IAEA Director General Yukiya Amano visited Gaborone, Botswana where he met Vice President Mokgweetsi Masisi and other senior government officials, and discussed how IAEA technical assistance can meet national development challenges. One of the key areas discussed was food safety: ensuring safe food for consumers and exports to third countries. The IAEA supports Botswana in using nuclear techniques in cancer diagnosis and treatment, animal health, agriculture, environmental monitoring and radiation protection.

At the National Veterinary Laboratory in Sebele, Mr Amano met senior scientists, and saw first-hand the various IAEA-supported nuclear-derived diagnostic techniques that help ensure milk, dairy and meat products are fit for human consumption.

He was also briefed on the serological and molecular techniques that help in the early detection and rapid diagnosis of various animal diseases. The Botswanan labs are an important partner in the African Veterinary Laboratories network, which contributes to the effective management of animal health and disease prevention. Read more about the country’s work in this area in this article.

Mr Amano was briefed on the progress achieved at the country’s first ever rural veterinary disease diagnostic laboratory at Jwaneng that received IAEA donated satellite laboratory equipment which brought veterinary diagnostic services to a rural area of the country to improve animal disease prevention and control. The IAEA and the United Nations Food and Agriculture Organization helped the laboratory in the use of nuclear and nuclear-derived technologies to quickly diagnose animal and zoonotic diseases, which can spread from animals to people.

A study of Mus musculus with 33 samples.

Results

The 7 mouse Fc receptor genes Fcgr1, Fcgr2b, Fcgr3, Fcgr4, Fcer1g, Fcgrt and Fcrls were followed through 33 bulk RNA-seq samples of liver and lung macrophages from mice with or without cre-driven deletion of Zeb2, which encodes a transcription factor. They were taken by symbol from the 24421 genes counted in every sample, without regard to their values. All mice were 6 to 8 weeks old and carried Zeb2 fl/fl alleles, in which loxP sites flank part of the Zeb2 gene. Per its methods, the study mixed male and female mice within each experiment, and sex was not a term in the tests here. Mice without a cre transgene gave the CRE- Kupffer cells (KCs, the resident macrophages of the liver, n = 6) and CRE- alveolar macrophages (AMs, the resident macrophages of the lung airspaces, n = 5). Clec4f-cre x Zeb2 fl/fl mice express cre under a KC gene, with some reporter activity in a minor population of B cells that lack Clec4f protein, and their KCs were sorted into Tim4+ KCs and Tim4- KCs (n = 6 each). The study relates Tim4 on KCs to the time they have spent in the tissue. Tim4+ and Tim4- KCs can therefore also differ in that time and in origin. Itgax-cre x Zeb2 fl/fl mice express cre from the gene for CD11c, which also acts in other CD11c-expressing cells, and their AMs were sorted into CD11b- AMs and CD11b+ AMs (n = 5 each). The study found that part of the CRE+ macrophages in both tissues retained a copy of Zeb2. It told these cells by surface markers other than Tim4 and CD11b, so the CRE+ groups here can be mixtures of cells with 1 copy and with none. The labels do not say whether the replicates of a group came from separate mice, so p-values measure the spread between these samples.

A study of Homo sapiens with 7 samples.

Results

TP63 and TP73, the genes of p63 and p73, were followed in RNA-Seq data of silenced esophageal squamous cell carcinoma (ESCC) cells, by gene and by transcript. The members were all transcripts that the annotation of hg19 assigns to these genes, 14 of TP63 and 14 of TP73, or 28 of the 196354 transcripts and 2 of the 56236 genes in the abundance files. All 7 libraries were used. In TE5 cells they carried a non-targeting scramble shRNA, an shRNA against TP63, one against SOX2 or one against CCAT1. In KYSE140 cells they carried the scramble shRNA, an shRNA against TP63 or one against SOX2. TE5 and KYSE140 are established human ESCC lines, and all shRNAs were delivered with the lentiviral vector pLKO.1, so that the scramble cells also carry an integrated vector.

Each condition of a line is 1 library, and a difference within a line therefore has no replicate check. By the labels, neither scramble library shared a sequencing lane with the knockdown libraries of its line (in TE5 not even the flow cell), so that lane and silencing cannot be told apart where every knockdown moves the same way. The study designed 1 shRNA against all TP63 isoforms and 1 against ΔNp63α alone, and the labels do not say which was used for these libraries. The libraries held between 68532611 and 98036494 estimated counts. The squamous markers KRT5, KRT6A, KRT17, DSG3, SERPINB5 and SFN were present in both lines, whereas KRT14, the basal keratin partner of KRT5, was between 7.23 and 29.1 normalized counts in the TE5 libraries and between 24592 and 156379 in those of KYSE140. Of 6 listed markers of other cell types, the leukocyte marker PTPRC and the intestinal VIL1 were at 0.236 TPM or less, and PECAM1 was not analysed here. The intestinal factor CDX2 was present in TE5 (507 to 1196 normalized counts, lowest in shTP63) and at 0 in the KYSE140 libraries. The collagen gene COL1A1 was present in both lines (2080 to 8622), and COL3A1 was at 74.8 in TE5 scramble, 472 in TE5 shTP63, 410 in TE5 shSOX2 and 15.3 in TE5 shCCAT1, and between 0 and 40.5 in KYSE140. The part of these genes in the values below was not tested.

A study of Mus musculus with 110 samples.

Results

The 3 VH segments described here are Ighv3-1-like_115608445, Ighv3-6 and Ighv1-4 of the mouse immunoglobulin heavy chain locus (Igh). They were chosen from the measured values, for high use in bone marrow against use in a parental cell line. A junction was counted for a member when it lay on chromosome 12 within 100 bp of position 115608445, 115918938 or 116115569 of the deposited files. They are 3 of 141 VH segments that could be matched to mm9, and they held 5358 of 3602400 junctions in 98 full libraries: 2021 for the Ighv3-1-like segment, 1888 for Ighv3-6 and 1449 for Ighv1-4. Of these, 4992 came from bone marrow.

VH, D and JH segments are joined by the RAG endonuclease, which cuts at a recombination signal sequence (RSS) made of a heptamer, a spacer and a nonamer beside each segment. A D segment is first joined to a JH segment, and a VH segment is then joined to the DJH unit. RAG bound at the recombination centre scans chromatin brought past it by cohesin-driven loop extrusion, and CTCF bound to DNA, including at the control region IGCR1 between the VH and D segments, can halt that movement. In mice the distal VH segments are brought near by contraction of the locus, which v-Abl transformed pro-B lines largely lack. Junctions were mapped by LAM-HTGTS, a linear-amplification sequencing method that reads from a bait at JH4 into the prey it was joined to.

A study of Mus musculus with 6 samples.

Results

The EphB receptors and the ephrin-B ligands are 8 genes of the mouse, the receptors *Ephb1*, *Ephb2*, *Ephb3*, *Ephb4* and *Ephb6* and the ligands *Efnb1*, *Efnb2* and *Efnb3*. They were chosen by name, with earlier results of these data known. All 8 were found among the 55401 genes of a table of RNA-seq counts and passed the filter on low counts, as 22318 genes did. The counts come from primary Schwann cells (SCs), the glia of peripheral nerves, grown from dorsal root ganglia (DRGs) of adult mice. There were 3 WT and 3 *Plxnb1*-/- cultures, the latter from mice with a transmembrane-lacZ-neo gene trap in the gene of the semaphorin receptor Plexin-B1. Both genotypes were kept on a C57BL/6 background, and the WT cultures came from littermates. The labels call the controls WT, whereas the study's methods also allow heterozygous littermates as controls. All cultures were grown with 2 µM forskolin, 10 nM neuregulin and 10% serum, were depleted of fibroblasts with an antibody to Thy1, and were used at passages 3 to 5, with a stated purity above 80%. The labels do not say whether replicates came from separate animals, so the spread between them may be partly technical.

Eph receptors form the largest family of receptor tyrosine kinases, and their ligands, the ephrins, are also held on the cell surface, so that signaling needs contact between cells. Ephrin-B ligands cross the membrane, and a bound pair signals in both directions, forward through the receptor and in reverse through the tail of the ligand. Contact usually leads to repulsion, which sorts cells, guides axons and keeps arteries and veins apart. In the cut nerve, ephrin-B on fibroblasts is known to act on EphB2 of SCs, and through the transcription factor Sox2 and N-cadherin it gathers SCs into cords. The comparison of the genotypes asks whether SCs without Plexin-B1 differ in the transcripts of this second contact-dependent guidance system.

He also visited Sir Ketumile Masire Teaching Hospital at the University of Botswana. He was informed by senior staff about the ongoing work to prepare the hospital for cancer diagnosis and treatment using radiation medicine. The IAEA has assisted with staff training and expert advice, and Mr Amano said that IAEA will continue to support Botswana in training and skill development for health professionals in the cancer field.

In his meeting with senior staff at the laboratories of the Radiation Protection Inspectorate, Mr Amano was informed about policies on the effective monitoring of radioactivity in the environment and promoting technical cooperation among regional radio-analytical laboratories.

Mr Amano was given a guided tour of the three important laboratories at Radiation Protection Inspectorate: the Environmental Laboratory which is equipped with gamma and alpha spectrometers to enable it to analyse samples, such as soil and food; the National Dosimetry Laboratory and the Instrumentation Laboratory, which is equipped with a range of calibrated radiation detecting equipment.

Other ministers that Mr Amano met with were Minister for Presidential Affairs and Public Administration Eric Mothibi Molale, Minister of Health and Wellness Dorcus Makgato, and Minister of Agriculture Development and Food Security Patrick Ralotsia.

Mr Amano was in Botswana from 24 to 27 January. It was the last leg of his three-country tour to Africa, which also included Uganda and Zambia.